Florida Keys News
Thursday, September 26, 2013
Keys going to the birds
Activities geared toward raptor, songbird and butterfly watchers

Florida Keys locals and tourists are looking to the skies this week in celebration of the spectacular fall bird migration.

Bird enthusiasts are hosting their 15th annual, six-day Florida Keys Birding and Wildlife Festival. Events continue through Sunday.

"The Keys are a hugely important part of the fall migration, especially for raptors and songbirds," festival coordinator Kristie Killam said. "They track the Keys on their way down. It is their last stop to eat and drink before taking off en route to their winter destinations."

The Key West Wildlife Center is bustling this time of year, helping young hawks and other birds who become dehydrated on their first migration, center officials said.

People are encouraged to call the Wildlife Center at 305-292-1008 if they spot a bird in distress.

The Birding and Wildlife Festival includes a variety of activities from Key Largo to Key West. Signature events include an excursion to Dry Tortugas National Park, guided birding and butterfly walks and talks, wildlife photography workshops, a free all-day wildlife fair, citizen input with Florida Keys Hawkwatch and boat trips into the Keys' backcountry.

This year's festival keynote speaker, Rafael Galvez, is the director of the Florida Keys Hawkwatch, the southernmost migration monitoring project in the continental United States.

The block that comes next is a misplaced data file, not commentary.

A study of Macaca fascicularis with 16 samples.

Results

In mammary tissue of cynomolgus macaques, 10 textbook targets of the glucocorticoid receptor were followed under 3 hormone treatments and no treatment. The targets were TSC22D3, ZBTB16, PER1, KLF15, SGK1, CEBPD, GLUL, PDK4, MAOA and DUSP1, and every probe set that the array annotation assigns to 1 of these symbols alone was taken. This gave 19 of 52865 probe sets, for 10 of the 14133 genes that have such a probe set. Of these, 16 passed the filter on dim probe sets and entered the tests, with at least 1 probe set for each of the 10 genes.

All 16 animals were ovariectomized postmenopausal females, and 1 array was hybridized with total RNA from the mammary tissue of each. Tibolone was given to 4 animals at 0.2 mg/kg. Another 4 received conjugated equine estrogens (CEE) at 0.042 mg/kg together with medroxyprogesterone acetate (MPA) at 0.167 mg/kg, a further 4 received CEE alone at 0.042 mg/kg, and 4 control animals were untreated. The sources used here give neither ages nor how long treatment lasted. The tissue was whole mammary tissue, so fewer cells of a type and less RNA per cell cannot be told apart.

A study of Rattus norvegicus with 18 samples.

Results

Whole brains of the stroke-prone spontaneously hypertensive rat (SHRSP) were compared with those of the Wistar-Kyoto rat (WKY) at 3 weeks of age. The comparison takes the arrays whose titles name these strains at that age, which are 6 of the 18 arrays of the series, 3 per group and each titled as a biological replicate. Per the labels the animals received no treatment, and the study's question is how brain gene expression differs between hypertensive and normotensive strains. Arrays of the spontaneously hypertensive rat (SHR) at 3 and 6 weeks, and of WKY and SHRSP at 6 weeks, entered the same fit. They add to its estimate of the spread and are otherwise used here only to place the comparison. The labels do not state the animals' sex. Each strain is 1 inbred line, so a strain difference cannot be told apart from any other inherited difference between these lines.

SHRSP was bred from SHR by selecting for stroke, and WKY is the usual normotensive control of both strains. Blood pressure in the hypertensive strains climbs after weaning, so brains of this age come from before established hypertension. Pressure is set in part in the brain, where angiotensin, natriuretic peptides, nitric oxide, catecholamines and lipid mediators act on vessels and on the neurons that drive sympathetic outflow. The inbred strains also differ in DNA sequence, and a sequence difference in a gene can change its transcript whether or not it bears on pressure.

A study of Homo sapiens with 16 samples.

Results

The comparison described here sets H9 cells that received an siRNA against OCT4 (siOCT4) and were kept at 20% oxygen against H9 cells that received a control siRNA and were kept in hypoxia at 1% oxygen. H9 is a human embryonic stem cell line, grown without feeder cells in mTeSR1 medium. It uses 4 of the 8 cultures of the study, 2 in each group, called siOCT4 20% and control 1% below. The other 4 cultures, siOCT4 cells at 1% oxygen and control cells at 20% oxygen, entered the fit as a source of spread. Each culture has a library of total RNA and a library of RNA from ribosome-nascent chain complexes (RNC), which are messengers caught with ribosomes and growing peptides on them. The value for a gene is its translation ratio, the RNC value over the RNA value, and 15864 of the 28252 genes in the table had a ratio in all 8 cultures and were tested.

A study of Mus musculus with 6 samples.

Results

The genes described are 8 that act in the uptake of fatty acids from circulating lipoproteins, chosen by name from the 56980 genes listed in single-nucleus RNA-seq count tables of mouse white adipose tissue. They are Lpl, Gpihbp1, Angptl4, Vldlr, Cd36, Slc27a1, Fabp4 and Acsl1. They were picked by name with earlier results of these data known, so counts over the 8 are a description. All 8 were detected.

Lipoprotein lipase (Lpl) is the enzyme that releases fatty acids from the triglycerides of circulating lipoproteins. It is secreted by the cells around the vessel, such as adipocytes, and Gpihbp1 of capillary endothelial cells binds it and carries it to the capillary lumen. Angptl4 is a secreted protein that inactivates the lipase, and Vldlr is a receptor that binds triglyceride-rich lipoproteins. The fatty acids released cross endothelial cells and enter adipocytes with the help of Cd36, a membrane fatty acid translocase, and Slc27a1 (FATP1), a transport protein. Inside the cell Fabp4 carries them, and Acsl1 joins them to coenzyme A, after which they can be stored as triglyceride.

Florida Keys Hawkwatch documents as many as 25,000 diurnal birds of prey of 18 species in the fall, and more than 120 species of waders, shorebirds and songbirds migrating over the Keys.

Galvez has participated in conservation and education projects in Florida, Latin America and Eurasia.

He is a member of the Miami-based Tropical Audubon Society board of directors, for which he focuses on Everglades conservation issues, and is the publisher of the organization's print publication.

Galvez will be giving a talk from 6 to 8 p.m. Friday at the Marathon Garden Club.

All of his guided bird walks are sold out.

There will be guided bird and butterfly trips hosted by experts from throughout South Florida, Killam said. In addition to migrating hawks, falcons and songbirds, festivalgoers will witness rare endemic bird and wildlife species in their tropical habitats in the Keys.

Participants will explore many Keys natural gems, including the Key West Tropical Forest & Botanical Garden, Keys federal Fish & Wildlife Refuges and half a dozen state parks.

On Saturday, organizers will host a free family event from 10 a.m. to 3 p.m. at Curry Hammock State Park, at Mile Maker 56, with 15 booths, music and food.

Key West Tropical Forest & Botanical Garden will also host an all-day event Saturday featuring bird and butterfly walks and outdoor photo tutorial.

On Sunday, Key West birding guide Mark Hedden and South Florida photographers Dick Fortune and Sara Lopez will lead two groups on a daylong trip via ferry to Dry Tortugas National Park, a favored bird stopover 70 miles west of Key West.

Hedden will also be giving a talk at 7 p.m. Saturday at the Key West Botanical Garden titled "The Magnificent Seven." The talk will focus on seven birds not commonly found outside the Keys.

For the full festival schedule and registration details, visit www.keysbirdingfest.org.

The Florida Keys Birding & Wildlife Festival is sponsored in part by the Monroe County Tourist Development Council.

For more information about the event or registration, contact Killam at 305-304-9625 or email flkeysbirdfest@gmail.com.